YIMBYs Go Mainstream in New York

YIMBY, pro-development, politics are gaining support and attention in New York City at an opportune moment in the city's planning history.

January 14, 2021, 5:00 AM PST

By James Brasuell @CasualBrasuell


Observation Deck

Giuliano Del Moretto / Shutterstock

According to an article by Orion Jones, the pro-development messages of New York City's only Yes In My Backyard (YIMBY) group, Open New York, has begun to resonate.

Where public meetings used to respond to the YIMBY message with hostility, Open New York is professionalizing and winning support, according to Jones, even among the ranks of the city's politicians.

The growing influence of Open New York is timed for a watershed moment in New York City planning history, as the last of a series of rezoning processes spurred by the de Blasio administration targets the relatively wealthy neighborhoods of NoHo and SoHo in Manhattan and Gowanus in Brooklyn—the types of neighborhoods that tend to oppose new development or density and the types of neighborhoods that are most frequently the target of YIMBY political and legal action.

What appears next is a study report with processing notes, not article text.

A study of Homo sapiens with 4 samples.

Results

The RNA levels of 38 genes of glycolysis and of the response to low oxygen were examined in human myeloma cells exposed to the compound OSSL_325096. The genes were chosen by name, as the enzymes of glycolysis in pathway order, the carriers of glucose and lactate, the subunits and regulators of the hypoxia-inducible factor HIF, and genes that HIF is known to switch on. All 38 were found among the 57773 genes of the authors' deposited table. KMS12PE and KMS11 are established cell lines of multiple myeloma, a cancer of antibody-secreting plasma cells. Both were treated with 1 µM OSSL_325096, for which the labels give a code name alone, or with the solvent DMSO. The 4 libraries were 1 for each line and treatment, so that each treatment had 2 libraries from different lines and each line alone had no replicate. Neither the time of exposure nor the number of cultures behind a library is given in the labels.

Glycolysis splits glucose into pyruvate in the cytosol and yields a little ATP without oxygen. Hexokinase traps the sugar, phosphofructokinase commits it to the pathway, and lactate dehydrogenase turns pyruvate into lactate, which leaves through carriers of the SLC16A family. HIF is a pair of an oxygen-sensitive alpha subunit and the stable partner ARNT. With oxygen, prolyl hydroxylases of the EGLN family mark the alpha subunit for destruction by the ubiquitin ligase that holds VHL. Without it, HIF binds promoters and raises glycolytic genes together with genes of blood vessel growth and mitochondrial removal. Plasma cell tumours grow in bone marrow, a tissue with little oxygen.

According to Jones, the leaders of Open New York forged their pro-development politics while struggling with the housing market in New York City, "where rent has grown four times faster than income and there are two low-income households for every one dwelling they can afford." Implied, but not stated, in the source article is the idea that YIMBYs will continue to swell in numbers and influence until expensive cities solve their affordability problems.

Monday, January 4, 2021 in The Real Deal

Los Angeles Skyline

New Study Ranks the Urban Heat Island Effect in U.S. Cities

A new analysis by Climate Central evaluates the intensity of urban heat islands in cities around the United States—New Orleans tops the list.

July 15, 2021 - WBUR

Adams Morgan pedestrian zone during COVID-19 pandemic

The Most Complete Map of U.S. Pedestrian Risk Yet

New research published by the Journal of Transport and Land Use analyzes tens of thousands of pedestrian fatalities over 16 years in the United States.

July 20, 2021 - Streetsblog USA

Dallas Freeway Removal

The Freeway Removal Cause Gains Momentum—But Don't Forget Gentrification and Displacement

The case for freeway in urban areas isn't as unequivocal as it might seem. Plans to undo the damage of the legacies of past freeway planning need to ensure an inclusive future.

July 14, 2021 - Los Angeles Times

Urban Design for Planners 1: Software Tools

This six-course series explores essential urban design concepts using open source software and equips planners with the tools they need to participate fully in the urban design process.

Hand Drawing Master Plans

This course aims to provide an introduction into Urban Design Sketching focused on how to hand draw master plans using a mix of colored markers.